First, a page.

Section 6: Intimacy




Once a person's identity is well established, hopefully by late adolescence, it forms a secure base from which to explore differences between oneself and others:



Thus, the young adult, emerging from the search for and the insistence on identity, is eager and willing to fuse his identity with that of others. He is ready for intimacy, that is, the capacity to commit himself to concrete affiliations and partnerships and to develop the ethical strength to abide by such commitments, even though they may call for significant sacrifices and compromises. (Erickson, Childhood and Society, p. 263).



Intimacy involves the recognition and prizing of differences. As differences come to be perceived as legitimate, one comes to realize the relativity of one's own perspectives. This results in the decline of adolescent egocentricity. One is less needful and willing to attribute omnipotence to one's ideals and theories. There is more willingness to recognize that the failure of the world to live up to one's expectations is probably due to the unrealistic nature of such expectations. This allows an increased acceptance of imperfections and weaknesses in others and in oneself.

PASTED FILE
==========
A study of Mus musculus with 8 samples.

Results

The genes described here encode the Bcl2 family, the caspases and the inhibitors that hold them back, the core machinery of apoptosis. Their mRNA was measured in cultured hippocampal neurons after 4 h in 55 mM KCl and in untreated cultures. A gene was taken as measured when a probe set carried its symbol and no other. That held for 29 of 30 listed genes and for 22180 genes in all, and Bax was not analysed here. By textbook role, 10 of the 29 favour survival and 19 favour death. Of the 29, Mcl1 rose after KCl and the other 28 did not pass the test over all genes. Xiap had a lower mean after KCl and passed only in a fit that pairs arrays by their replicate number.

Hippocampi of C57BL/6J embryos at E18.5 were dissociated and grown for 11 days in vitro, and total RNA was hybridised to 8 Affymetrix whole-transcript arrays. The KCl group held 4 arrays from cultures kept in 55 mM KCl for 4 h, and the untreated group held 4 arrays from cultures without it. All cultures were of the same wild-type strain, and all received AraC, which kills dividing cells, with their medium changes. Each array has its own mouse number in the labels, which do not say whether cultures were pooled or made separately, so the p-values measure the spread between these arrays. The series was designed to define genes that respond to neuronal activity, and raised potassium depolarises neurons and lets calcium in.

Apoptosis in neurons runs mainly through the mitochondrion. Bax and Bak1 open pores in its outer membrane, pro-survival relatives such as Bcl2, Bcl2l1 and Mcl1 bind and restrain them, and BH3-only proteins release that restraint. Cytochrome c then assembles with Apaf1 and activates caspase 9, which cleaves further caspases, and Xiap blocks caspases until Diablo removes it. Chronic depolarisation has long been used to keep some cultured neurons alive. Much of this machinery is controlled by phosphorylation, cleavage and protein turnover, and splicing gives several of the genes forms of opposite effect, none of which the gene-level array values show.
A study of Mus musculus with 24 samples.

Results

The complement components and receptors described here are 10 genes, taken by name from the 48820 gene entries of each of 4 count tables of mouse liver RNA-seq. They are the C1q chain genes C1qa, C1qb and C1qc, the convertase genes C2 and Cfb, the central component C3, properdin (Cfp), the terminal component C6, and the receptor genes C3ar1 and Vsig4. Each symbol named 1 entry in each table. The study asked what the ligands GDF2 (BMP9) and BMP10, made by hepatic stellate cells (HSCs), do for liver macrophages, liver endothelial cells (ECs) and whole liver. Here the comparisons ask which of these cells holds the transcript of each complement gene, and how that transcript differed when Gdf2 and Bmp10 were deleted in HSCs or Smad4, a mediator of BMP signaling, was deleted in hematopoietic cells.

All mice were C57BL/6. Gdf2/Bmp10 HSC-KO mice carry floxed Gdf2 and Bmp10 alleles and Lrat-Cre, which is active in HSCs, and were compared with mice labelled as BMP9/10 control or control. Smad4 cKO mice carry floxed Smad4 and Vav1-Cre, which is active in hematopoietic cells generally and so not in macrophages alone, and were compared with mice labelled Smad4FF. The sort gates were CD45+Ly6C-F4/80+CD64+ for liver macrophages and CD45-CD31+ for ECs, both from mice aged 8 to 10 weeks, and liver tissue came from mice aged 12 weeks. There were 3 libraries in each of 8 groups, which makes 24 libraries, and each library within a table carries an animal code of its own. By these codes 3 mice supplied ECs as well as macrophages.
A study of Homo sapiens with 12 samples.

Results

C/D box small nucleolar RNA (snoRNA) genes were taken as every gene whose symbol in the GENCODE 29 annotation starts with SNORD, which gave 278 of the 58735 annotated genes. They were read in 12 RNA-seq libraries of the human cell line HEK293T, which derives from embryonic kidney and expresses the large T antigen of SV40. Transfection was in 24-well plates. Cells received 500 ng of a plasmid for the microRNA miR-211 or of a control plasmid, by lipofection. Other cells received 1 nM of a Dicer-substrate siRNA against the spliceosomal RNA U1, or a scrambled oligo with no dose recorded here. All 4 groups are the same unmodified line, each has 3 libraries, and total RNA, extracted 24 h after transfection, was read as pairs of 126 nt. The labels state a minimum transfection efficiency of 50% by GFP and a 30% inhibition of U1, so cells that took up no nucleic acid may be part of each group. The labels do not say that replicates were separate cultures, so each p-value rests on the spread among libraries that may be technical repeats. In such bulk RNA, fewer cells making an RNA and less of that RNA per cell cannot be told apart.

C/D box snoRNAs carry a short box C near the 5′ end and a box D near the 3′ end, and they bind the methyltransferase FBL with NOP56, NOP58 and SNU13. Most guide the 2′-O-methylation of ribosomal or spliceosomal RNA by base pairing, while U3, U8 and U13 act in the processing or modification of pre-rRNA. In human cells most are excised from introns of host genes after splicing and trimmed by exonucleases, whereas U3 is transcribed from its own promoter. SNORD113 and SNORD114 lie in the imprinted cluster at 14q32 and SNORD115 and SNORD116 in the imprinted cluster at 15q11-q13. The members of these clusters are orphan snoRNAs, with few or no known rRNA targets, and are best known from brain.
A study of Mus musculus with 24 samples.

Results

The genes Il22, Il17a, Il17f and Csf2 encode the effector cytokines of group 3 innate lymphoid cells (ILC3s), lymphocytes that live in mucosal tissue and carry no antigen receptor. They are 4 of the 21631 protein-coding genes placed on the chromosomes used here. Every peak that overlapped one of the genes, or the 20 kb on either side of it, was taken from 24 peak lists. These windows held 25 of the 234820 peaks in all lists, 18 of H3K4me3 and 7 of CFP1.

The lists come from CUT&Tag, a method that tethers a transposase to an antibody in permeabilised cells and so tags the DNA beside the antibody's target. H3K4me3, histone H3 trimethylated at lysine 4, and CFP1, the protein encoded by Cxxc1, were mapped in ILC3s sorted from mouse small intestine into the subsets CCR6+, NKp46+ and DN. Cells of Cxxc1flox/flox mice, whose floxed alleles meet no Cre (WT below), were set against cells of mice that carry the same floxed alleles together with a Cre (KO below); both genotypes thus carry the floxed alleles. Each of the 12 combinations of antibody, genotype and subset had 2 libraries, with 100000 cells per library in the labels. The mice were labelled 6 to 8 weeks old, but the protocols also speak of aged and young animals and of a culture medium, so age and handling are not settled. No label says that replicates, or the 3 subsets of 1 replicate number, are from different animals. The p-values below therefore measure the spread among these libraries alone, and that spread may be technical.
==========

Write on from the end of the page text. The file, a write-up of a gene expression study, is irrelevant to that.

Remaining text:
As one recognizes one's limits, one seeks to derive strength through association with others. Thus, one's readiness for intimacy and one's need for intimacy emerge together.



Intimate relations are educational experiences. They expand one's identity through caring about others. One's self-awareness is expanded through increased acceptance. Self-knowledge is developed through increased acceptance. Self-knowledge is developed through continued feedback from interactions with a loved one. One's sense of purpose is developed as one becomes committed to the welfare of intimates and to the career affiliations that tend to be formed at this time.



This new desire for intimacy and acceptance of weakness act as an antidote to the hardening of the personality sometimes imposed by the competitive pressures of teamwork and these high-powered career arenas. Not only are physical disorders less likely once intimacy is achieved, but the tendencies toward sexual conquests and discomfort toward the weak, especially children, tend to be obviated. This makes for a more supportive family and friendship network, and a more meaningful and well-rounded existence.